Sri Lankan troops begin fierce attack on rebels: Government tries to cut vital guerrilla supply route in Jaffna peninsula
Friday 01 October 1993
Troops, backed by air force bombers and heavy artillery, had thrust into the Jaffna peninsula in an attempt to cut off a vital guerrilla supply route, military sources and defence analysts said. About 175 rebels, 125 soldiers and 40 civilians had been killed in three days of fierce fighting, bombing and shelling.
Government security forces have been fighting a bitter 10-year war with the Liberation Tigers of Tamil Eelam, who want a separate state in the north and east for the minority Tamil community.
Troops advanced about 14km (nine miles) northwards from their base in Elephant Pass in the biggest offensive in more than a year.
'The rebels are heavily entrenched in that area,' a military analyst said. 'They are in an ambush position, therefore troop casualties have been very high. Now they are deep in rebel territory, attacked from all sides. That is why they have resorted to such heavy firepower.'
Military officials said most of the army casualties occurred on Wednesday, during infantry charges and rebel mortar attacks. A statement from the Defence Ministry said 91 soldiers, including six officers, had been killed and 175 wounded.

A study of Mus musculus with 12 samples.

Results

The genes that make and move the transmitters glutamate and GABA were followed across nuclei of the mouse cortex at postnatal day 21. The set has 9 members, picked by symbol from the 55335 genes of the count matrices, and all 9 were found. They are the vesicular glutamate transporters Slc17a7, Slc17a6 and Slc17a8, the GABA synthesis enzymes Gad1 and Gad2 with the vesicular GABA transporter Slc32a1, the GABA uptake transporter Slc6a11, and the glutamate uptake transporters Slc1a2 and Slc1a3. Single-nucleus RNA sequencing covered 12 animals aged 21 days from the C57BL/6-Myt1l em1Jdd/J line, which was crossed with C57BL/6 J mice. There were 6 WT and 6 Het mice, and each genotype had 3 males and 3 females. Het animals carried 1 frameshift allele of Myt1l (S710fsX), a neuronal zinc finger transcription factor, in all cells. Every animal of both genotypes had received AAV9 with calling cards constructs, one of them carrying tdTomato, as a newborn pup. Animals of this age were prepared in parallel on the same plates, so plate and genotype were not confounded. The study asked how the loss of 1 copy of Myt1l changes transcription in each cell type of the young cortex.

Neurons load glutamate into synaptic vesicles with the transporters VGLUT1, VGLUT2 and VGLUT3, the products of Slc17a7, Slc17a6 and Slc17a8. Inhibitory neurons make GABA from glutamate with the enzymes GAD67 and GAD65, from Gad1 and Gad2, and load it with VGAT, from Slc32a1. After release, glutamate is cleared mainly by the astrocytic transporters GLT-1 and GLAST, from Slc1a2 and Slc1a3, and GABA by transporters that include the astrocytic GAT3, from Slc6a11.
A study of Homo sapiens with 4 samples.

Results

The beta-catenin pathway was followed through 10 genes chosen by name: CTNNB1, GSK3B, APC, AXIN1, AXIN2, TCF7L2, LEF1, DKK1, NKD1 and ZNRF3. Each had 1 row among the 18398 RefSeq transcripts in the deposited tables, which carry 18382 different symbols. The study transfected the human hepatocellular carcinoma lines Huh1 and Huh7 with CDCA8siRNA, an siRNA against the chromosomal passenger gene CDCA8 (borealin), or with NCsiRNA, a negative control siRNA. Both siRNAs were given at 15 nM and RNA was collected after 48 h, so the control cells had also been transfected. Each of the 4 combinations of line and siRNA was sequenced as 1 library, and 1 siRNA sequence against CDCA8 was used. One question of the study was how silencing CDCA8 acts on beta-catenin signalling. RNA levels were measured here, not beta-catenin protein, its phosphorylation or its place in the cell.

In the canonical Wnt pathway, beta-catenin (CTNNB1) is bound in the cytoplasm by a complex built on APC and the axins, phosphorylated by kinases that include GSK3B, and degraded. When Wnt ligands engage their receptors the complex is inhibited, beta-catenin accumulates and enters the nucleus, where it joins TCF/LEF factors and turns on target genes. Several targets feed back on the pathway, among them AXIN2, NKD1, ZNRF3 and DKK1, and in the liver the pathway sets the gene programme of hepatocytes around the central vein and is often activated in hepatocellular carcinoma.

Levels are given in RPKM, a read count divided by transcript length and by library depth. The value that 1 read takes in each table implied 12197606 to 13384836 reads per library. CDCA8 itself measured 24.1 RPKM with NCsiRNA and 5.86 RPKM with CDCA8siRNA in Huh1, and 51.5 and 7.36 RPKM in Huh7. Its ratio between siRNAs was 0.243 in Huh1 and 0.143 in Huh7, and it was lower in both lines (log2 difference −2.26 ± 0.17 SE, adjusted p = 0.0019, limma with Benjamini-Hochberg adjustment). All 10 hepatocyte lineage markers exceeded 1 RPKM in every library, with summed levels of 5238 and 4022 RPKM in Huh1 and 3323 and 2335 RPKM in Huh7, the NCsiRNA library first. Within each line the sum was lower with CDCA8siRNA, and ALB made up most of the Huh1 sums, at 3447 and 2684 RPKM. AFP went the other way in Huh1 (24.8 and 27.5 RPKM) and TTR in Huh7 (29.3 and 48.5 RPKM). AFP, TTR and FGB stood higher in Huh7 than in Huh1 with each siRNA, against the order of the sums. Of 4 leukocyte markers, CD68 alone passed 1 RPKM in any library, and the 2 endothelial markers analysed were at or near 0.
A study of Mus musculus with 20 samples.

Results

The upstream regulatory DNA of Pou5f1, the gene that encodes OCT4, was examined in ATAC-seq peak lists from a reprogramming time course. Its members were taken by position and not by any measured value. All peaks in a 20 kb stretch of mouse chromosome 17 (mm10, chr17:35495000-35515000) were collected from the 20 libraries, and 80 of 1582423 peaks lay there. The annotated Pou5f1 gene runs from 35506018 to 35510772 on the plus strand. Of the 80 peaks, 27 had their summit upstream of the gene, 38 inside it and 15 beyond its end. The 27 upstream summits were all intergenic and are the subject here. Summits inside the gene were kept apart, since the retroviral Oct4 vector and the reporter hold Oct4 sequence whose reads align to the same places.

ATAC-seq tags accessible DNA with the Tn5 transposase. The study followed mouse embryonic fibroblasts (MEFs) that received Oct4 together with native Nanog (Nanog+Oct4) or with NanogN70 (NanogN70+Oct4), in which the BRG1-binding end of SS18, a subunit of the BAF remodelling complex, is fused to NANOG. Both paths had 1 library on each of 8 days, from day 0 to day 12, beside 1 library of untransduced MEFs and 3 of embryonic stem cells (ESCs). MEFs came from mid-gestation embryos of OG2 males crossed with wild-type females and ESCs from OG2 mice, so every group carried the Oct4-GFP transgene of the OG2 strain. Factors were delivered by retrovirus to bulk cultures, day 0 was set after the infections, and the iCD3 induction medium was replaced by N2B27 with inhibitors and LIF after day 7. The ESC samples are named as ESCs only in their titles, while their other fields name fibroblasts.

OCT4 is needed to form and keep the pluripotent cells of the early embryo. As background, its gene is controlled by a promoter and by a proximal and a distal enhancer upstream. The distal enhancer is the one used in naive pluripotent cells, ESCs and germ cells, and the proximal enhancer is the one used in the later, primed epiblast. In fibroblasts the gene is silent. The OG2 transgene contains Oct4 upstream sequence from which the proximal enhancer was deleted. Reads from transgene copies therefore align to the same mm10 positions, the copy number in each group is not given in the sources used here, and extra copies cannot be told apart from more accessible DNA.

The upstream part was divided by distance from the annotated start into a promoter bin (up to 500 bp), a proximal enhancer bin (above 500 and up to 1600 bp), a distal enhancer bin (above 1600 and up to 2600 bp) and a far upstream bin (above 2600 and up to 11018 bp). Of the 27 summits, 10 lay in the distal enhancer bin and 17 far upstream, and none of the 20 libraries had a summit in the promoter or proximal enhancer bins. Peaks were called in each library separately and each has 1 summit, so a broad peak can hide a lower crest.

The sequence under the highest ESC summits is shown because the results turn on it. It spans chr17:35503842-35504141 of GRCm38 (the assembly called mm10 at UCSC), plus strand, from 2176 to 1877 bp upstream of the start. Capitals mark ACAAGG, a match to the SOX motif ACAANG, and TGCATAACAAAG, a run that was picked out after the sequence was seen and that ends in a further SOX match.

'During the advance, troops inflicted heavy casualties to the terrorists. It was confirmed that troops destroyed a well-fortified terrorist women's camp, including several lines of their defences,' the statement said. It also said air force fighters and artillery had destroyed rebel targets.
Military sources said the objective was to try to seal off the Kilali lagoon crossing in the peninsula, which is used by the Tigers. While the rebels control most of the Jaffna peninsula, the military has bases from which it can launch operations. The military has sealed off land routes to the peninsula but rebels still use the lagoon to travel to and from the mainland. The lagoon is out of bounds for all boats but is still used by civilians who have no other means of travel.
Patrolling navy gunboats have had several fierce clashes with rebel boats. The Tigers use suicide fighters who ram navy boats with explosive-laden vessels. In August this year, 21 sailors died and three boats were destroyed in suicide attacks.
'The operation seems to have been triggered off by the recent attacks. The only way to stop movements across the lagoon is to control the shore,' another analyst said.
'That way, the rebels will have to break through the troops to get on the lagoon and take on the navy. The lagoon is the only access the Tigers have to the mainland, so it is very important for them,' he said.